Will adults’ services be taken seriously by the government, asks Simon Heng

After the government has spent billions of pounds trying to improve the NHS, while leaving adult social care with little or no new investment – except through further rounds of “efficiency savings” – Ivan Lewis, the care services minister, has risked the unpopularity of the rest of his department, and probably the rest of the government, by demanding that adult social care be prioritised if Gordon Brown becomes prime minister.

Writing for Progress, a centre-left think tank, Lewis commented that adult social care is a “Cinderella service”, designed for a different age. “People are living longer with increasingly complex conditions…today’s generation of older people and the baby boomers reaching retirement age will want to remain in their own homes or non-institutionalised care and retain control of their own destiny for as long as possiblecare support can be the most effective and efficient way of securing well-being.”

He goes on to urge Brown that now is the time “when we commit to building a new consensus [for older and disabled people]”. I hope what he means is that he’s hoping for consensus among politicians to provide more money.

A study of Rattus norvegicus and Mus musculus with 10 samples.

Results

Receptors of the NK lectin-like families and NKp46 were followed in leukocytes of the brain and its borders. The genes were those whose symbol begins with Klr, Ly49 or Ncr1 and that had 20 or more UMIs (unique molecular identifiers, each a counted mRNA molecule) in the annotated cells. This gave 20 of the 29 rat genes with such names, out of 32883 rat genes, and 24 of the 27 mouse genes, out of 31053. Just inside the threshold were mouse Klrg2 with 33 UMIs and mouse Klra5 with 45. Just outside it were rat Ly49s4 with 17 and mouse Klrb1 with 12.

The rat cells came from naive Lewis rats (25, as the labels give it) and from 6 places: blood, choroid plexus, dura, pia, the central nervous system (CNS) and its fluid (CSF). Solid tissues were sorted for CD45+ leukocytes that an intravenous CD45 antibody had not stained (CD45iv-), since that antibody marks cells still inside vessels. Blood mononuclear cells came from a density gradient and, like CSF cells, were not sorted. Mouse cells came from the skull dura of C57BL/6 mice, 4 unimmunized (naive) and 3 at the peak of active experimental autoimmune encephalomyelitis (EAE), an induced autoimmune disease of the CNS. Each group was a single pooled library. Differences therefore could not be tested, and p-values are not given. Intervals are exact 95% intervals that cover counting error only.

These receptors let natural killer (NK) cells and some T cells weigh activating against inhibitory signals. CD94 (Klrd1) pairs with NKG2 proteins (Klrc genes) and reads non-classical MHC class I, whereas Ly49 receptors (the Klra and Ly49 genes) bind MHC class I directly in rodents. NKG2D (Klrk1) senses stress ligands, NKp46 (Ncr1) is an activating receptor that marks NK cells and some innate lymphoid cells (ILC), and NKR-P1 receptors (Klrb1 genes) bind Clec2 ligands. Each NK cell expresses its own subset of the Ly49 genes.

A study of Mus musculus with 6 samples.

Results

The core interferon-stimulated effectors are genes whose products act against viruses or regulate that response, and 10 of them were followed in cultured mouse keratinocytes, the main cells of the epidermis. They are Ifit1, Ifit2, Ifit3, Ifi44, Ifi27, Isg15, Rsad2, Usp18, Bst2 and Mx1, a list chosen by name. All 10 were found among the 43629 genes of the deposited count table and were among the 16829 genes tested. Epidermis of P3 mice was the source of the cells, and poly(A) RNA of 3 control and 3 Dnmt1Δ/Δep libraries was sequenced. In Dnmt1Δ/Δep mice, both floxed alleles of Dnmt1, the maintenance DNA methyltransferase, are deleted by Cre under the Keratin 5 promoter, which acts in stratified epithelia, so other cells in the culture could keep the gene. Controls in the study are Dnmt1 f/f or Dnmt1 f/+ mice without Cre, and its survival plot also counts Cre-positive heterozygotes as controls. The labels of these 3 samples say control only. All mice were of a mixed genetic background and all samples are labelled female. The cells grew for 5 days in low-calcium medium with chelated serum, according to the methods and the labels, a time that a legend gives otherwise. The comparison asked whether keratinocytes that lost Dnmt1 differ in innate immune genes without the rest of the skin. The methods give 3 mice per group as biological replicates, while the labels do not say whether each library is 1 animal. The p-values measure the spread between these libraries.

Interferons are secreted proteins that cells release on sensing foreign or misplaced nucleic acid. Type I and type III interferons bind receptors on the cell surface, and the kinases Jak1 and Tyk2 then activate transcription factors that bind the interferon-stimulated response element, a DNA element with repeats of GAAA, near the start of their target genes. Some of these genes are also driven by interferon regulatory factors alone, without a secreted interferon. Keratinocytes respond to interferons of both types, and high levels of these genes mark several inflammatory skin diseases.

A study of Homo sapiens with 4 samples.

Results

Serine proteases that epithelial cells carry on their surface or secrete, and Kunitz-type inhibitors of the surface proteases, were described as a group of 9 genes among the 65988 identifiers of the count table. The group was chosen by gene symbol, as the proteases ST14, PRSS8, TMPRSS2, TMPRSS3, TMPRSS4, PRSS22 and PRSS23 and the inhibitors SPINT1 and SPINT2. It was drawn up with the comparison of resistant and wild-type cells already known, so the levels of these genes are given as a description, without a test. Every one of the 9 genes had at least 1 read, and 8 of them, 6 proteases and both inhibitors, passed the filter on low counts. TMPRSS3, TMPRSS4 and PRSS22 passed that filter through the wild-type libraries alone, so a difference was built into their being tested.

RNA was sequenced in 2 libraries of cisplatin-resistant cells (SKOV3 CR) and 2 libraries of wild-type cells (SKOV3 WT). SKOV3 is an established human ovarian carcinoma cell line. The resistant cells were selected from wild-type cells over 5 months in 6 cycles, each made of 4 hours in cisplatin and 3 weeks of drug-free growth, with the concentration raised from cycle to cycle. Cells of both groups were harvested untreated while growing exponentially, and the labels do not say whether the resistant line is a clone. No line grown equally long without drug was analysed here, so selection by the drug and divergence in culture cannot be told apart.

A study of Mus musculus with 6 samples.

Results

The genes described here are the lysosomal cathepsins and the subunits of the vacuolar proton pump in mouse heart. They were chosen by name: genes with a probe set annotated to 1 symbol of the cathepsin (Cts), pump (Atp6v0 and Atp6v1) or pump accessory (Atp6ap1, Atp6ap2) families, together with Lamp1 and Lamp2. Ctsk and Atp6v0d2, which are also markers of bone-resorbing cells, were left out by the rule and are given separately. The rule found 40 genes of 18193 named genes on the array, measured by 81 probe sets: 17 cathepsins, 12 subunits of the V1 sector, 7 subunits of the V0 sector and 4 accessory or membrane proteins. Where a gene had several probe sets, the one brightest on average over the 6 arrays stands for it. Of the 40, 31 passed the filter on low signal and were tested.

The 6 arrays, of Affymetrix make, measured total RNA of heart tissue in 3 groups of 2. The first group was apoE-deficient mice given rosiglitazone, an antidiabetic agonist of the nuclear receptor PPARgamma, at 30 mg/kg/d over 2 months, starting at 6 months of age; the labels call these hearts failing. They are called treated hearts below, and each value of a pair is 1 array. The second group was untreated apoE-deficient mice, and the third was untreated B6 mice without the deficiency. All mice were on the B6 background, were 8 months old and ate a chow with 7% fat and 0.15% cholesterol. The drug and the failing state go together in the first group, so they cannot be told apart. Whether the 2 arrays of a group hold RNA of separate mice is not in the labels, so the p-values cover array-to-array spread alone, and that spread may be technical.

Well, congratulations to Lewis for pointing out what everyone in adult social care, professionals, service users and carers alike have known for years. I’m sure that his views will be met by nodding heads from his colleagues perhaps another study will be commissioned, perhaps even a committee of stakeholders convened, while the chancellor (whoever it will be) wrings their hands, saying something to the effect of “we know it’s a terrible problem, but we just can’t afford to spend any more”.

At a time when services are being rationed ever tighter, and protests against cuts – such as the recent demonstrations at council meetings in London – are likely to grow, social care urgently needs that kind of injection of funding the NHS has been getting recently. Otherwise, many older and disabled people are going to be leading lives of greater deprivation and misery than they did before the community care legislation.